Bristol academic awarded coveted British Ecological Society prize
Press release issued: 2 September 2022
Dr Chris Clements of Bristol’s School of Biological Sciences has received the prestigious Founders’ Prize which commemorates the enthusiasm and vision of the Society’s founders.
The award is reserved for an outstanding early career ecologist who is starting to make a significant contribution to the science of ecology.
Dr Clements works on the interface between experimental ecology and conservation biology, with his research focusing on developing and testing early warning signals of population collapse, with a view to predicting regime shifts prior to their occurrence. To do this he and his group synthesise information from mathematical models, small-scale experimental systems, and long-term wild population data.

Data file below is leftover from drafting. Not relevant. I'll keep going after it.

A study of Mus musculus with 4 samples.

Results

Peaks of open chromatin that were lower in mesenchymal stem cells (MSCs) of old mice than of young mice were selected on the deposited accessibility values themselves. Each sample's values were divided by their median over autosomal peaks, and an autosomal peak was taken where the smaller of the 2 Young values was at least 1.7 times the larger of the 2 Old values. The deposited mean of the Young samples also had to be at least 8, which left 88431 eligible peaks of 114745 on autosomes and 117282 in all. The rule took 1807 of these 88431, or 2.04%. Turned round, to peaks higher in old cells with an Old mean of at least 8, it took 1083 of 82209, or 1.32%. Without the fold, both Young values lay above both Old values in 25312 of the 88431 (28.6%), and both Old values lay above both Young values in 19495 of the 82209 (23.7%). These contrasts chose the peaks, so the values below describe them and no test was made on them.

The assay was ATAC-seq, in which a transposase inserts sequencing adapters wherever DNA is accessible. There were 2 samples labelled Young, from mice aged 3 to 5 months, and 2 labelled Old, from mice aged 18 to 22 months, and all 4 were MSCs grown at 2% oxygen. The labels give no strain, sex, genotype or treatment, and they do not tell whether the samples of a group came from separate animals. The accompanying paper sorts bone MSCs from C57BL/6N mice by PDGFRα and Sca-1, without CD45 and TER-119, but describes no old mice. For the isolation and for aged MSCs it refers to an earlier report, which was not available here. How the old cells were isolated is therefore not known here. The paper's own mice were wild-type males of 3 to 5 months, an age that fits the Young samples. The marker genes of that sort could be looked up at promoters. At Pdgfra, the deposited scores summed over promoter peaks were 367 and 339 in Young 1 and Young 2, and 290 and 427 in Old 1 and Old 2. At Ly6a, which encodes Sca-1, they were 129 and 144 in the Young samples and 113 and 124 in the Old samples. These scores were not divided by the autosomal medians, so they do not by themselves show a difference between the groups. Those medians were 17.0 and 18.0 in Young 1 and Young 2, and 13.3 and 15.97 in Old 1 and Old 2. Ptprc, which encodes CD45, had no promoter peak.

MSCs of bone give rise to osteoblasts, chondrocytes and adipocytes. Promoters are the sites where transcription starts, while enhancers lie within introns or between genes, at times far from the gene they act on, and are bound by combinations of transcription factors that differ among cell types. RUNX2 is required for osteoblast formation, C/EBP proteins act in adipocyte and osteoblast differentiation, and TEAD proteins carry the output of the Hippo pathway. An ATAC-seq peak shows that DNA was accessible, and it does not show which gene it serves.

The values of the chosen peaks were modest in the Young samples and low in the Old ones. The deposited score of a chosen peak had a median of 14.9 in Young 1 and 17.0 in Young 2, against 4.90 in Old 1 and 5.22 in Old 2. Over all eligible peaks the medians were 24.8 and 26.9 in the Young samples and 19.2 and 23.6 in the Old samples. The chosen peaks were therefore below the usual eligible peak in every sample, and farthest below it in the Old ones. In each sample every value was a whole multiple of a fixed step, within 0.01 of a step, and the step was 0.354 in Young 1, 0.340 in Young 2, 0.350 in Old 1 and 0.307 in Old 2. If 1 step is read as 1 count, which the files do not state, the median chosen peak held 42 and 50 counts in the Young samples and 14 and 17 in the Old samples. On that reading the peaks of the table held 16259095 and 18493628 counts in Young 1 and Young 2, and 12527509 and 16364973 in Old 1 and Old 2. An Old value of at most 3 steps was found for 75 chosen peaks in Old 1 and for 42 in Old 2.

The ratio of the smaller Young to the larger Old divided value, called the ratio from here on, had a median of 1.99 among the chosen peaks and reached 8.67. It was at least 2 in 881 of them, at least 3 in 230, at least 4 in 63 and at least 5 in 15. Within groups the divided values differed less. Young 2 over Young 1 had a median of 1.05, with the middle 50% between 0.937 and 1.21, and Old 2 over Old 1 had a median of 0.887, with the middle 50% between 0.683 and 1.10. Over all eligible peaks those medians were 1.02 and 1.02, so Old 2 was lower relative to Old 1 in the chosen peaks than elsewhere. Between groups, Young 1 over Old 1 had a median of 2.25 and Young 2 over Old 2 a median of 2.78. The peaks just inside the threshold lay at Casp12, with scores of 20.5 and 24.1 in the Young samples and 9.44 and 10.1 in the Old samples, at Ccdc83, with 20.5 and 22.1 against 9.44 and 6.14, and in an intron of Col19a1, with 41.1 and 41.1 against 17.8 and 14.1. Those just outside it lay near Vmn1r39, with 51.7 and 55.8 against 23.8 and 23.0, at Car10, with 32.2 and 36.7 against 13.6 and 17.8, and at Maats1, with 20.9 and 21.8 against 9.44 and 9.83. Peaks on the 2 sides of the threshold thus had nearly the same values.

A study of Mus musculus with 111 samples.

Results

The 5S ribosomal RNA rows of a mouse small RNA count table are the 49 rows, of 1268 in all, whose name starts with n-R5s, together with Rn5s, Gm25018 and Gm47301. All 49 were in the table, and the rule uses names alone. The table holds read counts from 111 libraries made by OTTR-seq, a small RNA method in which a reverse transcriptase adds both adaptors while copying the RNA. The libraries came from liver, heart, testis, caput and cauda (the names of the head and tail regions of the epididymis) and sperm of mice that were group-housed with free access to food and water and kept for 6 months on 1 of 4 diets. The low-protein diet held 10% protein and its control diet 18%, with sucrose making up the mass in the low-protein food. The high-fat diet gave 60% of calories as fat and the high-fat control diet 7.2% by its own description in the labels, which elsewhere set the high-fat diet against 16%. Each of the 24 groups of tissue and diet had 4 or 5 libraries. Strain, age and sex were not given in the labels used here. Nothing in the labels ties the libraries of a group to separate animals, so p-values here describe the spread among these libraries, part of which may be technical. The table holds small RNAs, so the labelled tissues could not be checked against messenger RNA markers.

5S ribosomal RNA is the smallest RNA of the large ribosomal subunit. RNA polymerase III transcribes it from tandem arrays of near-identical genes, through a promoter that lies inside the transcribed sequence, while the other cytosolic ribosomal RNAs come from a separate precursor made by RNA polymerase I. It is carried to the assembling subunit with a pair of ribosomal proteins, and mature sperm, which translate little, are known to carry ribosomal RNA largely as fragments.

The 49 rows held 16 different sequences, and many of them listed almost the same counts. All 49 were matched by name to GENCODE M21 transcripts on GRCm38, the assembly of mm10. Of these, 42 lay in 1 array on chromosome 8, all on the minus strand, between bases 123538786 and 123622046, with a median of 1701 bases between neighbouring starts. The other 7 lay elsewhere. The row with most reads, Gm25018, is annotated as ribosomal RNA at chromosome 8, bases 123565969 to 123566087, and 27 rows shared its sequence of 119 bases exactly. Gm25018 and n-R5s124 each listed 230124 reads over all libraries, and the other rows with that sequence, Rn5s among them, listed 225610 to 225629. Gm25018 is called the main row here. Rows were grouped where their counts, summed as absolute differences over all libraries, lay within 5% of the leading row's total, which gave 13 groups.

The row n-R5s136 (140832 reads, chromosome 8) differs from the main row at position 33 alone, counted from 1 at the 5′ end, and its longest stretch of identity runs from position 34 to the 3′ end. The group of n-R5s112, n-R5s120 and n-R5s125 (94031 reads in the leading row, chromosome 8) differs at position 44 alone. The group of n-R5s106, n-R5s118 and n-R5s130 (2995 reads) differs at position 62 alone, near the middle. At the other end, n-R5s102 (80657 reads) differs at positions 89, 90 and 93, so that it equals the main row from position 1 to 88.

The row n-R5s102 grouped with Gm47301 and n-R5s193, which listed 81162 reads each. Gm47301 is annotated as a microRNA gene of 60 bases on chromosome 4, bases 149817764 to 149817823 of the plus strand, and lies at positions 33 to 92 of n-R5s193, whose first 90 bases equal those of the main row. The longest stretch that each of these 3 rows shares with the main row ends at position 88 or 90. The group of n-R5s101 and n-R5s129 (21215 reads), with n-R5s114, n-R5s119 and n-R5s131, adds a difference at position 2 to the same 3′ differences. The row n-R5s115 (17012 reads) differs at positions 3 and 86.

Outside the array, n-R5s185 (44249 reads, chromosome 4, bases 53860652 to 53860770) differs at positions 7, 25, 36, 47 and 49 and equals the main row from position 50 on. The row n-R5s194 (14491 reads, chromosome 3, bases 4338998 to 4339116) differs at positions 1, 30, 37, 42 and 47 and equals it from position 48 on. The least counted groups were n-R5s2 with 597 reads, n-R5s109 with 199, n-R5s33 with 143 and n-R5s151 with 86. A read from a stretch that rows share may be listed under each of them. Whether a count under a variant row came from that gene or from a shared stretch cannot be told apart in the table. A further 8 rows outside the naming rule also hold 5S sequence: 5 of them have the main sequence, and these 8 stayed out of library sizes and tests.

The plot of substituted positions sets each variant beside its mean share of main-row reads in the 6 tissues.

Dr Clements said: “I am honestly still overwhelmed by it. The BES is such an institution that it’s hard to express how honoured I feel. Receiving this has really motivated me to continue to do the research I love, as well as making me very thankful to all the people who have helped get me here – fantastic supervisors, collaborators, and now my own students and lab group members.
“The BES has been central to all of this – I’ve been attending the annual meetings since I was a student, and they’ve significantly shaped my research, network of collaborators, and the opportunities I’ve had.”
Ten distinguished ecologists and groups whose work has benefited the scientific community and society in general were recognised. The British Ecological Society (BES) announced today the winners of its annual awards and prizes.
The winners will be presented with their prizes during a ceremony held at the BES Annual Meeting which runs from 18 – 21 December in Edinburgh. The meeting will bring together over 1,000 ecologists (in person and online) to discuss the latest advances in ecological research across the whole discipline.
About The British Ecological Society
Founded in 1913, the British Ecological Society (BES) is the oldest ecological society in the world. The BES promotes the study of ecology through its six academic journals, conferences, grants, education initiatives and policy work. The society has 7,000 members from more than 120 different countries.